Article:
ZIMBABWE is set to launch its second leather industry strategy next month, which is expected to boost production in the region, a Common Market for Eastern and Southern Africa (Comesa) official has said.
BY TARISAI MANDIZHA
Speaking on the sidelines of the third Comesa Diplomatic Conference on Competition and Trade in Zambia last week, Comesa Leather and Leather Products Institute executive director Mwinyikione Mwinyihija said Zimbabwe was slowly catching up on leather production, adding currently there was a huge deficit on leather products in Africa.
“Zimbabwe is catching up, currently it is the only country in Africa which has gone through the first round of its strategy. It was slow in implementing things, but as of now there are working on the renewal of their strategy,” Mwinyihija said.
“We are going to relaunch the second line of the strategy. The beauty of it is Zimbabwe now has Zimbabwe Leather Development Council which means at public level will have people who can move with this particular sector to the next level.”
According to official statistics, the country’s leather industry production has declined by 90% with current production of 1,8 million pairs of shoes per year.
The sector currently employs about 5 600 people and this number is expected to grow as capacity utilisation increases.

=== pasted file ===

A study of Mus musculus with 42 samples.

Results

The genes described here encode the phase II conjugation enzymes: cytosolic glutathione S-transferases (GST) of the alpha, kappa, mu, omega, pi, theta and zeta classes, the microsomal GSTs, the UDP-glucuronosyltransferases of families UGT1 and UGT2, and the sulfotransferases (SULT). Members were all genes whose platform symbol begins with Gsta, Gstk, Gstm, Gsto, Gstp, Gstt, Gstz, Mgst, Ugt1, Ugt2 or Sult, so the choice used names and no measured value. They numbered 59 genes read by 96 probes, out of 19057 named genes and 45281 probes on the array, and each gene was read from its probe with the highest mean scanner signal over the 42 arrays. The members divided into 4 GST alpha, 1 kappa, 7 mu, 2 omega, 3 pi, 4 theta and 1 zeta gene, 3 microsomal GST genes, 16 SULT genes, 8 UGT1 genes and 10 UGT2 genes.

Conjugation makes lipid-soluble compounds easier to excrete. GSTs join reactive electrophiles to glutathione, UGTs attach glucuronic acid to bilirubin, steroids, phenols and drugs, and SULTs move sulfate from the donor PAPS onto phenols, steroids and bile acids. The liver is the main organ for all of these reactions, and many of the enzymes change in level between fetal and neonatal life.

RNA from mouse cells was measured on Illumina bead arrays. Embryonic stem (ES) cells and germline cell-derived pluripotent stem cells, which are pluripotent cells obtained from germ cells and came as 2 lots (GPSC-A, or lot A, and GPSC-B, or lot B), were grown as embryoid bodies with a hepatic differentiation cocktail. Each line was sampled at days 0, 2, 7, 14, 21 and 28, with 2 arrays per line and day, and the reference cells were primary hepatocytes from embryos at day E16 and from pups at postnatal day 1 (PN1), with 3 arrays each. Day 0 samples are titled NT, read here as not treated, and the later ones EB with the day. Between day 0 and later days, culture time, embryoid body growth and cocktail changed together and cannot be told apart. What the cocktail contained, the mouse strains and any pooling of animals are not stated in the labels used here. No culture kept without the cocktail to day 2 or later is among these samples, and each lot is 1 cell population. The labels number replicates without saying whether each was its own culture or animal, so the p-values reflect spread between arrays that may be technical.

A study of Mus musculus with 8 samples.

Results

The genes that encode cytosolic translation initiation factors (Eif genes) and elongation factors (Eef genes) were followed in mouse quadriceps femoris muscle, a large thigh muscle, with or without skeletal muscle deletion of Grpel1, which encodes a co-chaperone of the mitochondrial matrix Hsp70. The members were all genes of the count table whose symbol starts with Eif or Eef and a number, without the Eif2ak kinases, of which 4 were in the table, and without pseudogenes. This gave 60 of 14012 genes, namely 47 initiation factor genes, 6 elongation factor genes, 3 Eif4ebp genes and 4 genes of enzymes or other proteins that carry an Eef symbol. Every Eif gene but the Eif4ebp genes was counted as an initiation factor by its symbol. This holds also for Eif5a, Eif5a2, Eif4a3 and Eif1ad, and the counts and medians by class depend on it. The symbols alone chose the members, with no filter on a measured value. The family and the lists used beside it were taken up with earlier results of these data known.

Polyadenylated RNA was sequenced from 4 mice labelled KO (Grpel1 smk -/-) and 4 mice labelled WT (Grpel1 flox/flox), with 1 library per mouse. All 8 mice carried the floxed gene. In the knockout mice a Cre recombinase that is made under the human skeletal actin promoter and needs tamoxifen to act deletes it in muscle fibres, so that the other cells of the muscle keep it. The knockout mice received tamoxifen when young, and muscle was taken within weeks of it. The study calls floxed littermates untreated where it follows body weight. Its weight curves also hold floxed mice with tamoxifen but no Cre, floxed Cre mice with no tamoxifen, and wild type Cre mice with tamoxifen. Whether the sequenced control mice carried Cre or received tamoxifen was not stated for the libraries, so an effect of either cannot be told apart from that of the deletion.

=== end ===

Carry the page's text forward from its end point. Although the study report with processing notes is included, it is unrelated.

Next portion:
There are currently eight tanneries in operation representing small, medium and large-scale players producing wet blue and finished leather.
“What was holding the sector was the new strategy, but it is set to be launched in the next two or three weeks. They brought it to me to read it through and prepare the final draft which has gone through stakeholder’s participation process because everything we do has to be participative.
“Once we have the policy in place, things will move and will also have one of the indigenous Zimbabweans running the biggest tannery of production,” he said.
Mwinyihija said in the past two years, Zimbabwe’s performance in leather production dropped, but has since picked up due to a number of measures put in place.
He said Zimbabwe was currently doing well with semi-processed leather, but by end of next year it should have its first production of finished leather.
Demand for leather shoes in Africa is around 150 million pairs and was currently importing 60 million pairs.
Mwinyihija said the free trade area will benefit Africa develop policy and improve the way of doing business, as it brings everyone on board.
“Producers in Africa need consumers in Africa. We can only build business when there is a consumer and a producer in Africa. When our small to medium enterprises is equipped, they can innovate and become competitive,” he said.
Latest statistics from International Trade Centre show that African countries have 15% of the world’s cattle and 25% of its sheep and goats, but produce only 14,9% of global output of hides and skins 8% of bovine hides and 14% of sheep and goat skins.
Exports of hides and skins have fallen in recent years to below 4%, yet leather is ranked very high as an export commodity in several African countries while the countries’ tanning capacity has fallen from 9,2% to 6,8%.